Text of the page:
How to Blow Up an Underwater Mountain
Looking Back
USS Saranac sunk in 1875 at Ripple
Last Wednesday was the anniversary of one of the most spectacular man-made explosions ever to occur in its time. It was referred to back then as one of the largest non-nuclear explosions on record. This mammoth blast occurred at exactly 9:31:02 am on April 5th, 1958 and once and for all got rid of a problem that had plagued the Seymour Narrows for over a century.

The Seymour Narrows is a five kilometer stretch of the Discovery Passage which was named by Captain Vancouver after his ship H.M.S. Discovery in 1792. The Passage starts around Campbell River on Vancouver Island, where the Georgia Strait narrows, and eventually widens out further north around Telegraph Cove. This inland passageway is the favoured route of cruise ships that wend their way north between Vancouver Island and the mainland. It eventually becomes the Johnston Strait that leads northward towards the Queen Charlotte Islands and Alaska. Captain Vancouver described Seymour Narrows as: “one of the vilest stretches of water in the world.”

It was a nasty piece of business for mariners for sure because right in the middle of its narrowest spot lay two rock pinnacles just below the surface of the water. Throw a 15 knot current into this dicey situation and things could and did go very wrong. It wasn’t just those subsurface hull rippers that could be an issue. There was also the big, dangerous eddies caused by tidal currents around the rocks. Navigating through this swirling 750 meter wide stretch with those two hidden headaches beneath led to a horrific loss of shipping and lives. It is reported that 20 large and over 100 smaller vessels were badly damaged or sunk and that 114 people lost their lives in the narrows.

The very first large ship recorded to have been caught in its trap was the USS Saranac, a side-wheel steam sloop on its way to Alaska. Saranac was a United States Navy ship that had seen action in the Atlantic and the Pacific and also saw service during the American Civil War. She was on a mission in 1875 to collect natural curiosities for the Philadelphia Centennial Exposition when she wrecked on the Ripple rocks, and sank in an hour, despite being run ashore and made fast. The captain and her 13 crew then made their way on foot to Victoria. That’s some walk!

So getting back to double trouble we find that a marine commission in 1931 recommended its removal but it wasn’t until 1942 that this controversial move was approved. There were some that were bitterly opposed to it and had visions of it being used as a bridge support for a railroad connecting Vancouver Island to the mainland. Now doesn’t that sound interesting? Wouldn’t that have made a great train trip!

There was a removal attempt in 1943 involving a 150 foot long drilling barge secured by cables over the rock with six concrete anchors weighing 1,100 tons. The violent water at Seymour kept breaking the 1 ½ inch steel cables so two years later they tried again with two overhead cables, each weighing 11 tons, stretched across the narrows 135 feet above the water to secure the barge. The water turbulence was still just too much for them and they gave up.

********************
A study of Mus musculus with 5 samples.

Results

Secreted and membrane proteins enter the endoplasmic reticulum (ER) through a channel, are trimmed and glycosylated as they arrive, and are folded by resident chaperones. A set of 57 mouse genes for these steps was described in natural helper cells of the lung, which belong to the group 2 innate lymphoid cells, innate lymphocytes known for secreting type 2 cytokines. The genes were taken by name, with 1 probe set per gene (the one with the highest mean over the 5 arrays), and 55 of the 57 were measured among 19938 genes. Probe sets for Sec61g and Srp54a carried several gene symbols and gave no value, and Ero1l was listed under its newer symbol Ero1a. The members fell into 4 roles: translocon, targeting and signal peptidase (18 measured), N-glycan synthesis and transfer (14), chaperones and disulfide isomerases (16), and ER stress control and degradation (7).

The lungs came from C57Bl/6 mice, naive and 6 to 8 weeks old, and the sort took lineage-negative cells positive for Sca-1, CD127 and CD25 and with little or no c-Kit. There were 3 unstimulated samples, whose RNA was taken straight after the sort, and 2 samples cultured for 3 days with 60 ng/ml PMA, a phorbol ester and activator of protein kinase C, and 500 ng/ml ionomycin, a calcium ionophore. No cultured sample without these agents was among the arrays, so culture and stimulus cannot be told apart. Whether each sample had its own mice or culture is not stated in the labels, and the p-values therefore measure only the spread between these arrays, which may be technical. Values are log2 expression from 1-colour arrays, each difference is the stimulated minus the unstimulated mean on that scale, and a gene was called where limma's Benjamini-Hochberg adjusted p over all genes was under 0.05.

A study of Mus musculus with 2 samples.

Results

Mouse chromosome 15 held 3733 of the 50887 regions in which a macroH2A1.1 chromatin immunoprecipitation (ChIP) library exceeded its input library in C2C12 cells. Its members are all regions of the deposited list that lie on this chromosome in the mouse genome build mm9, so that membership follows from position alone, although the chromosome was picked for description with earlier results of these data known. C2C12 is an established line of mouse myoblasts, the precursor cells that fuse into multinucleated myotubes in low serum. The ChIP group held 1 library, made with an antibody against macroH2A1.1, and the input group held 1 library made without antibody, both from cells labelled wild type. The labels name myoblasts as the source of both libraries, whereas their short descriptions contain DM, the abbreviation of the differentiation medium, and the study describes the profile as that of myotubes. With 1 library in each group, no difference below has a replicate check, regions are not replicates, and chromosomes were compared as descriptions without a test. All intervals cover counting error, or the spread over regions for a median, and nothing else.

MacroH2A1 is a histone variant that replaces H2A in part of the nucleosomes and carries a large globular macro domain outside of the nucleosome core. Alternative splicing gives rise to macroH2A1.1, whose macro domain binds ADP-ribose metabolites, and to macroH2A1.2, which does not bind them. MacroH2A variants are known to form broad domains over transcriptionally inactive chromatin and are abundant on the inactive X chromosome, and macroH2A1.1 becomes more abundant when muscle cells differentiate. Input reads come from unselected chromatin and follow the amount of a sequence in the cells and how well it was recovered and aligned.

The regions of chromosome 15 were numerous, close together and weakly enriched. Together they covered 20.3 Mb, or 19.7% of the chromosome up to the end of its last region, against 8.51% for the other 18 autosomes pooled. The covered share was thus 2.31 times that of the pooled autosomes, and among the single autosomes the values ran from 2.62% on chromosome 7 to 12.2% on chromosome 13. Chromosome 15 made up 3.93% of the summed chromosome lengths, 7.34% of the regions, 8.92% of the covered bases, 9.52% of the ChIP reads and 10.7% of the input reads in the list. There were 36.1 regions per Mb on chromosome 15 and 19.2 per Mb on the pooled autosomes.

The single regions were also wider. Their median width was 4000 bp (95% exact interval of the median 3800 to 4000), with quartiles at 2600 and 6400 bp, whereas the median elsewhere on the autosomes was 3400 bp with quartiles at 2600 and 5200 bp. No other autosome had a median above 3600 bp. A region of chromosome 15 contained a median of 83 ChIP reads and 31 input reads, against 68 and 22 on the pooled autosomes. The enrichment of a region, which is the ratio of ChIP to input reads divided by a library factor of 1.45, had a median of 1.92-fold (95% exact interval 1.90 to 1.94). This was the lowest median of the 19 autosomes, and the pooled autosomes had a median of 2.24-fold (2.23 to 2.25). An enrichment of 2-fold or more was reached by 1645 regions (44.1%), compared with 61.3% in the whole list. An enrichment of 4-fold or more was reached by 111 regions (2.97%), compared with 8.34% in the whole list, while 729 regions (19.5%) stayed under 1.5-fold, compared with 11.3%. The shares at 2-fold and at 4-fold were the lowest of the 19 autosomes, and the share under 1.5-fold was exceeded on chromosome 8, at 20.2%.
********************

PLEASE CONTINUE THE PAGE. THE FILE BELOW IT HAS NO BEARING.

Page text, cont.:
So on April 5th, 1958, with every precaution taken, that deadly mix was set off and promptly threw 635,000 metric tons of rock and water about 1,000 feet in the air. CBC covered the blast with one of its first ever live broadcasts. Observers from the United Kingdom, studying nuclear explosions, came to observe the effects of this muffled blast. And muffled it was. They had to use ten times the amount that would have been used in a surface blast to counter the smothering effect all that Seymour Narrows water would have.
continued below ...
So on April 5th, 1958, with every precaution taken, that deadly mix was set off and promptly threw 635,000 metric tons of rock and water about 1,000 feet in the air. CBC covered the blast with one of its first ever live broadcasts. Observers from the United Kingdom, studying nuclear explosions, came to observe the effects of this muffled blast. And muffled it was. They had to use ten times the amount that would have been used in a surface blast to counter the smothering effect all that Seymour Narrows water would have.

Live television coverage was broadcast of the event all across the country so people in Campbell River, only a few kilometers away, saw the blast on the screen. Most felt or heard nothing of the explosion as the sound, cushioned by the water was heard only within a small area. There wasn’t even much of a tidal effect. No damage was sustained. According to the Campbell River Museum write-up: “Careful monitoring by the Fisheries Department found that five orca, a school of porpoises, two sea lions and one fur seal seen near the area before the explosion were all seen again afterward.” Bet they were moving south. Fast! I would have been!

The blast increased the clearance over those two pesky pinnacles by about 45 feet at low tide for the south one and about 70 feet for the north one. And so it was that Ripple Rock, that navigators nightmare, was gone forever. But the treacherous currents, swirling eddies and turbulent tide-rips still remain.

You can check out this spectacular explosion on YouTube, the National Film Board footage at https://www.nfb.ca/film/ripple_rock/ or the special CBC archives footage. It’s pretty dam neat. As John Candy from Second City Television’s (SCTV) Farm Report used to say: “Yup blow’d up good, blow’d up real good!